Understanding the Macroalgal Value Chain: From Production to Post-Harvest Processing

Understanding the Macroalgal Value Chain: From Production to Post-Harvest Processing

Anthony Cheshire (Balance Carbon Pty Ltd, Australia), Sasi Nayar (South Australian Aquatic Sciences Centre, Australia) and Göran Roos (Economic Development Board of South Australia, Australia)
DOI: 10.4018/978-1-5225-5577-3.ch001

  • 1.

    Around 85% by value is used either fresh or variously simply processed (e.g. dried, salted or pickled) into sea-vegetables.

  • 2.

    Around 10% by value is processed to extract hydrocolloids (primarily alginates, carageenans and agars) for use across a range of industries including food, cosmetics, pharmaceuticals and industrial applications.

  • 3.

    The balance is used in a range of processes for the extraction of other generally high-value compounds.

There is a smaller but growing application for the use of dried and ground algal materials in cosmetics (e.g. facial scrubs) but these applications are currently limited to a very small proportion of the existing production.

Figure 1.

Overview of the value chain for macroalgae


The macroalgae industry is also part of a larger business ecosystem as shown in Figure 2. From Figure 2 it is clear that commercialisation success of macroalgae derived products require access to sufficiently mature and large markets. For most derived products the Australian market will be to small (with the possible exception of food ingredients) and hence the involvement of international companies in the value chain becomes critical, and the higher the value added (which frequently correlates with a lower global volume) the more important this international firm involvement becomes (e.g. for cosmeceuticals and pharmaceuticals). To maximise the value, it is important to commence the industry structure planning with the highest value-added products and ensure international market access and involvement of international firms to enhance the probability of success since the lower the value added the more local the value chain becomes and hence the implementation risk reduces since these value chains can more easily be connected into existing value chains with a sufficient local market.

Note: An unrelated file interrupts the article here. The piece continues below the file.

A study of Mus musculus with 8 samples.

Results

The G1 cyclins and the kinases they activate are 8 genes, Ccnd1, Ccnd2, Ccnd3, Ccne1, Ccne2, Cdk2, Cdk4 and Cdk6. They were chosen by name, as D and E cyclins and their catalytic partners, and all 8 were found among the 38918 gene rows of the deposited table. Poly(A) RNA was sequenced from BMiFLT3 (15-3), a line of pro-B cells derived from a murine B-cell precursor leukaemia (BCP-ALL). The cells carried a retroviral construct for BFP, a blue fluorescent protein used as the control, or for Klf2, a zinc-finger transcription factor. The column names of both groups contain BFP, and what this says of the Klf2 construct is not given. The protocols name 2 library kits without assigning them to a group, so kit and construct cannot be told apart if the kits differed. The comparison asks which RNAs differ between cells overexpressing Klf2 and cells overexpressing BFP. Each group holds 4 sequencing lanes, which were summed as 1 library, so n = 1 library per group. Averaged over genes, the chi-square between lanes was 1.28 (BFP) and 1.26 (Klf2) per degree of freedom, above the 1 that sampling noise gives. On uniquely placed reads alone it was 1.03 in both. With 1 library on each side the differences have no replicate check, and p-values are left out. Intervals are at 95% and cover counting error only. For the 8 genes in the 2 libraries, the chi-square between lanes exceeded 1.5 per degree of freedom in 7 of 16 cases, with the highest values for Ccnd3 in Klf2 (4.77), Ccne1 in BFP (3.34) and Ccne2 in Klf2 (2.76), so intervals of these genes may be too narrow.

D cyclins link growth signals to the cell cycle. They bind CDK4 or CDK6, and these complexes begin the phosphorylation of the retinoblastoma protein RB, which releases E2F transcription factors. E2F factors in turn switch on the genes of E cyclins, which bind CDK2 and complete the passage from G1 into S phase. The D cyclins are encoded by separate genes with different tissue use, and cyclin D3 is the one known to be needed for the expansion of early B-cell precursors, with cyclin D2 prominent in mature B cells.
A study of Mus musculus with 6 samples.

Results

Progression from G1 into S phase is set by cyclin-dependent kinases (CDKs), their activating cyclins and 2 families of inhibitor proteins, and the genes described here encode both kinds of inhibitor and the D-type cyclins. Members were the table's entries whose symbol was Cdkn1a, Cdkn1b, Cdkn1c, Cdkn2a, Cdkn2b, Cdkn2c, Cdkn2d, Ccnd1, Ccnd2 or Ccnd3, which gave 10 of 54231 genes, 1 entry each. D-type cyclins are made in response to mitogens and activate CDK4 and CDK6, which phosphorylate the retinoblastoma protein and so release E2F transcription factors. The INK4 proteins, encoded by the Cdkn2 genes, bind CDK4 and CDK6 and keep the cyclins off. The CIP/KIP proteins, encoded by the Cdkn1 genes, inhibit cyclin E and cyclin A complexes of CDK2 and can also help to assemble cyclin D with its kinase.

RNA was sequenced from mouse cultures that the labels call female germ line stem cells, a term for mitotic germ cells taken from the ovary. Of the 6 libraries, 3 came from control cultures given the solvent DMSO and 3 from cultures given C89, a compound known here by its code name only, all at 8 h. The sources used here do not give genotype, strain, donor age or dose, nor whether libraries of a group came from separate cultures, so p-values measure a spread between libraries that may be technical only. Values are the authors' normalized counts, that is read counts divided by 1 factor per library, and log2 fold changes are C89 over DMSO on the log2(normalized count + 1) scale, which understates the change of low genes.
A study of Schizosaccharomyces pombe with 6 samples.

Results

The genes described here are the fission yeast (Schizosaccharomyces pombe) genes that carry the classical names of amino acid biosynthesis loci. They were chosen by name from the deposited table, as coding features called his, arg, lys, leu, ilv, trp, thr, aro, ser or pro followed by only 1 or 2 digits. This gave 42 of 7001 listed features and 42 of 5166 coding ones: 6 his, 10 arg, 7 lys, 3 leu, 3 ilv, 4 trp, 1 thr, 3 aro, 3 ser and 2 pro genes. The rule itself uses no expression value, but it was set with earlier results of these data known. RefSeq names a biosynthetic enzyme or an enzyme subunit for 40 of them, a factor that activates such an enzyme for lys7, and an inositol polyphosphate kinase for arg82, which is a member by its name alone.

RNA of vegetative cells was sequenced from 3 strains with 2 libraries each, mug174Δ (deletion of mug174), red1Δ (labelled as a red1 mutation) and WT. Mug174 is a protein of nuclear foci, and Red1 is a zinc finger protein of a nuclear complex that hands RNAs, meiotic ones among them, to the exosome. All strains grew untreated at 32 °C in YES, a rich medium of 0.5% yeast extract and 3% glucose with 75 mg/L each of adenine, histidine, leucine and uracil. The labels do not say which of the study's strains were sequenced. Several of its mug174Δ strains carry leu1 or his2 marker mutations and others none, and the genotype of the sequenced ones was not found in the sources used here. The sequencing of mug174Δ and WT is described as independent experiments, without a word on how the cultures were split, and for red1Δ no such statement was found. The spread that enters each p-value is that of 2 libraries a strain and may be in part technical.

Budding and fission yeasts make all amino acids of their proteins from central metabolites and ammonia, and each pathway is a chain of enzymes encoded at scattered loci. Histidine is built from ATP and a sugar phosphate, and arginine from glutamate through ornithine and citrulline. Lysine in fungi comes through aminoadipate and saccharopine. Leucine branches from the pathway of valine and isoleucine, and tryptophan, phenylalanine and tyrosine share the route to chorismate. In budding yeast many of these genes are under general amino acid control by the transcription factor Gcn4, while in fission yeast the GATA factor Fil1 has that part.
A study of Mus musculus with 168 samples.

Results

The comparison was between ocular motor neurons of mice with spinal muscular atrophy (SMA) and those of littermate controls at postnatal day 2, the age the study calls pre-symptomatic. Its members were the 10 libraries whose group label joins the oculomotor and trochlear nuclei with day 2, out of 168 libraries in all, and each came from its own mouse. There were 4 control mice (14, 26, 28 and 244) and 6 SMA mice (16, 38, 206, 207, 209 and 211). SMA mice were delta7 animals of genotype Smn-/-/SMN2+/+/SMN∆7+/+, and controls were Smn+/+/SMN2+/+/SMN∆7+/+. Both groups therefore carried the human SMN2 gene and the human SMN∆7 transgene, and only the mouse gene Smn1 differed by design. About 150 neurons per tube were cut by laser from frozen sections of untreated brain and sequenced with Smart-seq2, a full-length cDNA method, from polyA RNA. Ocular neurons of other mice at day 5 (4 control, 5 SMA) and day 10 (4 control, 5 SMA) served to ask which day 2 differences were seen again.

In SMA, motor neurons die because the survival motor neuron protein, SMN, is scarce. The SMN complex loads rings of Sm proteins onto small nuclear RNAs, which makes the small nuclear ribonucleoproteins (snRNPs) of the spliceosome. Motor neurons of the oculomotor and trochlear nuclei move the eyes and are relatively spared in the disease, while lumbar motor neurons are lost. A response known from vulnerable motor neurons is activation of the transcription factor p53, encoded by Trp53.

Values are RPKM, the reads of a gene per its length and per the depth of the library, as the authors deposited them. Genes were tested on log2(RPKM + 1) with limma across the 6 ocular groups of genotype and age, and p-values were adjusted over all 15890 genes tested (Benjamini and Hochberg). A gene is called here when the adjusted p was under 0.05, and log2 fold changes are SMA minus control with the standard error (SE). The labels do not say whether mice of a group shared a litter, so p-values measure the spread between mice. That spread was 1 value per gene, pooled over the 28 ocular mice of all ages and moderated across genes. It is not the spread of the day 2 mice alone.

Figure 2.

The Macroalgae industry business ecosystem (modified based on Rönnlund et al, 2014, p. 33, Figure 4)


Macroalgal Value Chain: Production Platforms

The first major activity in the value chain is the production of raw materials, either through harvest of wild-grown material or through cultivation. There are a variety of aquaculture production systems including laboratory scale systems, in-sea production and land-based semi-intensive or intensive production systems. The vast bulk (96%) of seaweed material produced globally comes from in-sea aquaculture.